It’s never easy to handle an investment that has gone down in value.
After all, this is your hard-earned money we are talking about.
Enduring the emotional pain of seeing your share prices fall is unpleasant.
But the question is: what should you do now?
There are choices to be made.
On the one hand, a fallen stock could be a chance to own more of an existing investment more cheaply.
But on the other hand, there could also be something wrong with the business, thereby justifying a sale.
The problem here seems much more acute than contemplating whether to add more money to winning positions.
After all, when losses are involved, the fear factor increases sharply and our brains tend to jump to action.
Unfortunately, acting rashly may only get you into deeper financial trouble.
When stocks decline, the right thing to do is to stay calm and to analyse the situation.
Only then can we make an informed decision as to what action should be taken.
What you need to understand is that the stock market is more than just a place for businesses to raise money.
It also encompasses the hopes, dreams and fears of an entire group of investors.
Where money is involved, emotions will naturally run high.
Because of this, share prices can gyrate wildly like a swinging pendulum.
When investors are feeling optimistic, the pendulum swings up and brings valuations up to high levels.
The converse also happens: when bad news is announced, investors will swing the other way, panic and head for the exits, causing share prices to crash sharply.
Now that you get a picture of why share prices sometimes behave the way they do, it’s time to analyse the reasons for a decline.
There are three possible scenarios here.
The first is that the company is facing a temporary, one-off problem that will have a significant impact on its profit or cash flows.
An example may be the loss of a bid for a large and promising contract, such as the case of iFAST Corporation Limited (SGX: AIY) not managing to win the Singapore digital banking licence bid back in December last year.
Because investors had expected a win, they may have pushed up the share price of the company in anticipation.
When the disappointing news is released, investors then sell their shares and the flood of sell orders pushes the share price lower.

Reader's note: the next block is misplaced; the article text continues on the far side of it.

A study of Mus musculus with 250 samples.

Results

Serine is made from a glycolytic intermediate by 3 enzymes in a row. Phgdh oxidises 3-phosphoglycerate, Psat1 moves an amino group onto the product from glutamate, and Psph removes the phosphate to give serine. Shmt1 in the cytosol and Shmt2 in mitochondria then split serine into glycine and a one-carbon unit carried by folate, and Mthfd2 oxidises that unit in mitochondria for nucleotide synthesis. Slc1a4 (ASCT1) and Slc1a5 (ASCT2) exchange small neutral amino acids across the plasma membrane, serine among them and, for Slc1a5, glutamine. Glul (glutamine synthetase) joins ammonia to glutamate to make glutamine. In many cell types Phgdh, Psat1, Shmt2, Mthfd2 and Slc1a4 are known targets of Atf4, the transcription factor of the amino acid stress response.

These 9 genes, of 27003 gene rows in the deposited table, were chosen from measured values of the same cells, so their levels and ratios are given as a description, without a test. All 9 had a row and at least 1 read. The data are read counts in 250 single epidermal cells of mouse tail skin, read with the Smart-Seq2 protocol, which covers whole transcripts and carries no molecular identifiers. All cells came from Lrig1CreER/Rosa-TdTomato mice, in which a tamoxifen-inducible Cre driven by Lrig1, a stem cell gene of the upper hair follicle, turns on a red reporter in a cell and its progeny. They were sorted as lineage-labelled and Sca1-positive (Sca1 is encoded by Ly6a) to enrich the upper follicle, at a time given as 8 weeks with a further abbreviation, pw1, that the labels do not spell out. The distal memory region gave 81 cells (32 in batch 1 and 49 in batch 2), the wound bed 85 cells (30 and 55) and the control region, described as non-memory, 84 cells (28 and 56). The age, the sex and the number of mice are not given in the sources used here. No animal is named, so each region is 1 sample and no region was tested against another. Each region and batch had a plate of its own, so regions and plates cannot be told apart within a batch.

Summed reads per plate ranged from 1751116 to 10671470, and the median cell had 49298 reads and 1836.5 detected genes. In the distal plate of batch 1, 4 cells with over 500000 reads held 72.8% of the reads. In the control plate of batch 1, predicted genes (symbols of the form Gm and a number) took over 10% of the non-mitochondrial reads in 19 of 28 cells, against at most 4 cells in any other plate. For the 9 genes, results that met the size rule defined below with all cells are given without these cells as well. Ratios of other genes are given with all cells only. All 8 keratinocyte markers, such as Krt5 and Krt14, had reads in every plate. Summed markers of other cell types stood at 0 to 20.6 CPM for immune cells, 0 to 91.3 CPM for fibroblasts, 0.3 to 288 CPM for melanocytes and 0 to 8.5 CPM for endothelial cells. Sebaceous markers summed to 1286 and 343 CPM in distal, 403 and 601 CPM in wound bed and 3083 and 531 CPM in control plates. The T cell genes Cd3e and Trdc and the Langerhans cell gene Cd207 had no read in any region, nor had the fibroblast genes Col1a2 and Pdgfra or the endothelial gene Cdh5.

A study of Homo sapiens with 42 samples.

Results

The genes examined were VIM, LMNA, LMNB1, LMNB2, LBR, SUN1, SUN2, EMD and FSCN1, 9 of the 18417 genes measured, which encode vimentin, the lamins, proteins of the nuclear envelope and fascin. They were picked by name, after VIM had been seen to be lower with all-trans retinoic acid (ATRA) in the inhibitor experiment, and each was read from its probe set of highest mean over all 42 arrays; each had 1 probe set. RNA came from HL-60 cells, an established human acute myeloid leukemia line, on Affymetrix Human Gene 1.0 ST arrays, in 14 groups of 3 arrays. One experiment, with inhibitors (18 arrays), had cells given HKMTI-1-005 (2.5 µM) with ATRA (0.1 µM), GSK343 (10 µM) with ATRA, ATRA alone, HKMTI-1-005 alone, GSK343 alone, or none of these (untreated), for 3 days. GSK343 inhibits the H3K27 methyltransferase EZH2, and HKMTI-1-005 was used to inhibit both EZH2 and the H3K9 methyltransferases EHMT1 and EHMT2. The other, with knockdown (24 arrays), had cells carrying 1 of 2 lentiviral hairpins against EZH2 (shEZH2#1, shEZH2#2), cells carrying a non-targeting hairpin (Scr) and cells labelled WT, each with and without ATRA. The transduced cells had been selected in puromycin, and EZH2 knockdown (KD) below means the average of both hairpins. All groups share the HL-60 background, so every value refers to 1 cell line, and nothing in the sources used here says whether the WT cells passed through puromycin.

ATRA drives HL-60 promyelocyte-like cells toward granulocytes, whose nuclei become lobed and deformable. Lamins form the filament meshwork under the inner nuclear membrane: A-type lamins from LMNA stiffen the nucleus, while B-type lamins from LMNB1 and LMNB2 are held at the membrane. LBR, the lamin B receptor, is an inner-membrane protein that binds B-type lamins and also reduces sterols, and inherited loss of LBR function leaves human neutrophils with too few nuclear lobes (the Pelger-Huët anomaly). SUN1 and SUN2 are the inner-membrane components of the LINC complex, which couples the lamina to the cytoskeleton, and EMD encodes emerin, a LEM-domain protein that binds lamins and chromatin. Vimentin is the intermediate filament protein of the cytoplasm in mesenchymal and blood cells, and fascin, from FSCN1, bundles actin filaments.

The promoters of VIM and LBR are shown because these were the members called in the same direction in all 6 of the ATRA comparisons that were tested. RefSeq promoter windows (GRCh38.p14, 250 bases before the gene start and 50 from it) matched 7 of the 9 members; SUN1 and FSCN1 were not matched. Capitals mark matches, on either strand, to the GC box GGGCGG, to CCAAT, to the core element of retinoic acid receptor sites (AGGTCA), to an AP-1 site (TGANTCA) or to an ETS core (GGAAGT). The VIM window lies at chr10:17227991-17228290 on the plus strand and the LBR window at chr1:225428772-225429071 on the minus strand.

Yet, even as the stock price jumped and fell, there was nothing fundamentally wrong with the company and it may still qualify as a promising investment candidate.
In such a case, it may make sense to consider adding to your position.
The second scenario is when a company faces a more permanent, structural change in either its business or operating environment.
Take Singapore Airlines Limited (SGX: C6L), or SIA, for example.
The COVID-19 pandemic has decimated air travel and plunged SIA into one of its deepest crises.
Even when the all-clear is given for flying to resume and borders to reopen, the airline could be faced with a very different industry landscape by then.
Investors have to evaluate whether these changes may permanently alter SIA’s prospects for the foreseeable future.
Finally, the third scenario is when there is no news surrounding a company, implying that there is no logical reason for the decline.
It’s important to constantly check if an investment is still fulfilling your investment thesis.
More so after the business experiences changes that may impact its prospects.
Revisiting your thesis helps you to make a more rational and logical decision.
If the thesis is no longer valid, it may be wise to think about reallocating the money to a more promising investment.
But if the thesis has not changed, you could decide to double down on the position to increase its weightage within your investment portfolio.
Not every decline has to be met with action.
Remember that activity alone does not make you a great investor.
There will be cases where you should neither buy more nor sell off your existing position.
Instead, you can choose to do nothing and monitor the company for corporate developments.
And that may sometimes be the best option for the Smart Investor.